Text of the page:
A Rubber Band or Slippery Slope

A caution to change is frequently the warning of a slippery slope. The idea—or fear—is that a little change will morph into dangerous change. Therefore it’s better to remain in what’s familiar because though it has its problems it is better than the outcome of change. This idea—or fear—has not been the experience in America’s history of addressing race. Race in America has been more like a rubber band than a slippery slope.

Progress toward racial justice stretches the possibilities of freedom and suddenly contracts to it’s previous shape. A few observations of our history reveal the tendency to contract and resist change. The fight to vote during the Civil Rights movement is an example of how we shrink back from change. That fight was necessary because of the contraction that occurred in the 1880’s when Black men exercised their right to vote after the Civil War. The result of their voting appointed many Black men to political office, including Congress. Many people saw this as a dangerous change that would morph into something more intolerable. So violence, oppression, and strategy were used to diminish any progress toward full rights for the Black community. The fear that paralyzed the White community was aggressively used to stymy the Black community. Black people were not forced back to slavery but systems like sharecropping and injustices such as vagrancy laws, established a new form of bondage. The rubber band had snapped back.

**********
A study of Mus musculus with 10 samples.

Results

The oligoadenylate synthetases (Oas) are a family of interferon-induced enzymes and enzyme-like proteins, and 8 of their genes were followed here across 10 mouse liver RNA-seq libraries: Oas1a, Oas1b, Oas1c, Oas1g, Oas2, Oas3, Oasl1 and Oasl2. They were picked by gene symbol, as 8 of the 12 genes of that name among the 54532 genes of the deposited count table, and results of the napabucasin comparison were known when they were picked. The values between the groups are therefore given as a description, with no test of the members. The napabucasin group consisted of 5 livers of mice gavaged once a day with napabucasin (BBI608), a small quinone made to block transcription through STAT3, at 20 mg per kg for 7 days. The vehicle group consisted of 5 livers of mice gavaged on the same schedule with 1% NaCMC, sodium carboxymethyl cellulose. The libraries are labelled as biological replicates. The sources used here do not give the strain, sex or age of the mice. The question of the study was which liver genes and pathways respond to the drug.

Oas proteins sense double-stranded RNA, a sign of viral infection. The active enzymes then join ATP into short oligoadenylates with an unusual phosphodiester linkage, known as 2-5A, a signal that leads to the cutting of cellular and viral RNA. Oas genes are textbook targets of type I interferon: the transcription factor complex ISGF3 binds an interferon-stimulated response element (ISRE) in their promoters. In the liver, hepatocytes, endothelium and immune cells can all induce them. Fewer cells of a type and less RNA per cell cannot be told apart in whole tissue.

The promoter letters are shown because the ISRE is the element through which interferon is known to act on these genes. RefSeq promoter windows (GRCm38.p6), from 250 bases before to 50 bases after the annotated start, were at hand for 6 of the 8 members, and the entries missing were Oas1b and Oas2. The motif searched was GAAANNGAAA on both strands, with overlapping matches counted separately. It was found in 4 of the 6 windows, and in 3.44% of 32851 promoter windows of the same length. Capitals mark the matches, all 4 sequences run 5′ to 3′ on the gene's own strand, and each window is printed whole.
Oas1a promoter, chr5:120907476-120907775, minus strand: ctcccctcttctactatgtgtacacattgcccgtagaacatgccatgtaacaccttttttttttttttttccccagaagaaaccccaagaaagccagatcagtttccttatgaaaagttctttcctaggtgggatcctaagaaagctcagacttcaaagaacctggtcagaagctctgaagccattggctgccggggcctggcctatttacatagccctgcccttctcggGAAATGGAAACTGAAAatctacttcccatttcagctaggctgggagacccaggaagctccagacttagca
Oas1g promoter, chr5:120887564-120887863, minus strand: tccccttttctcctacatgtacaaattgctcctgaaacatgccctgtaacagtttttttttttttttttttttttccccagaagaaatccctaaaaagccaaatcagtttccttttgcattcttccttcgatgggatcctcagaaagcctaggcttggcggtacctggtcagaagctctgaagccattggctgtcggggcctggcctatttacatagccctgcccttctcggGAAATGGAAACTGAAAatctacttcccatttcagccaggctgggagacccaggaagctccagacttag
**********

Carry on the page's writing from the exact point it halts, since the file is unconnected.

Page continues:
History will likely reveal that the pinnacle of progress of racial justice in our time was the brutal murder of George Floyd. It was a moment where the brutality of racial injustice was visible for everyone to see. People who were previously hardened toward issues of race were willing to engage conversations, read books, watch documentaries, march on city streets, and listen to voices of the Black community. True to our history, it was only a matter of weeks before the fear of the slippery slope began to soften the conviction to press toward a more just world. What would we become if we gave too much focus on race? George Floyd shouldn’t have been killed but was he an innocent man? Sure there are some racist people but not systemic racism. If we say Black Lives Matter we are giving too much power to BLM and we will eventually become a communist country.

The slippery slope sounds rational until you’re one of the people at the bottom of the slope. When you’re there you realize what comes down isn’t change but crap. I try to imagine what Black people who were enslaved felt when change was replaced with anger. How did Frederick Douglass bear the disappointment of Jim Crow laws being implemented at the end of his life after tasting the refreshing nectar of change in 1865? How did Ella Baker and James Baldwin hold onto a sense of purpose in the 1970’s after prominent leaders were killed and national strategies were put in place to shrink the progress of the 1960’s?

I wonder if the ride on the slippery slope is as painful as the backlash of the rubber band? I know that the rubber band’s snap is swift and vicious. I feel it now as it leaves a sting on my soul and bitterness on my tongue. It’s a bitterness that refrains the lips from opening with words of hope and ridicules the heart for ever believing change was possible.

If the slippery slope actually exists in this country I sure would like to try it for once. It can’t be as painful as the rubber band.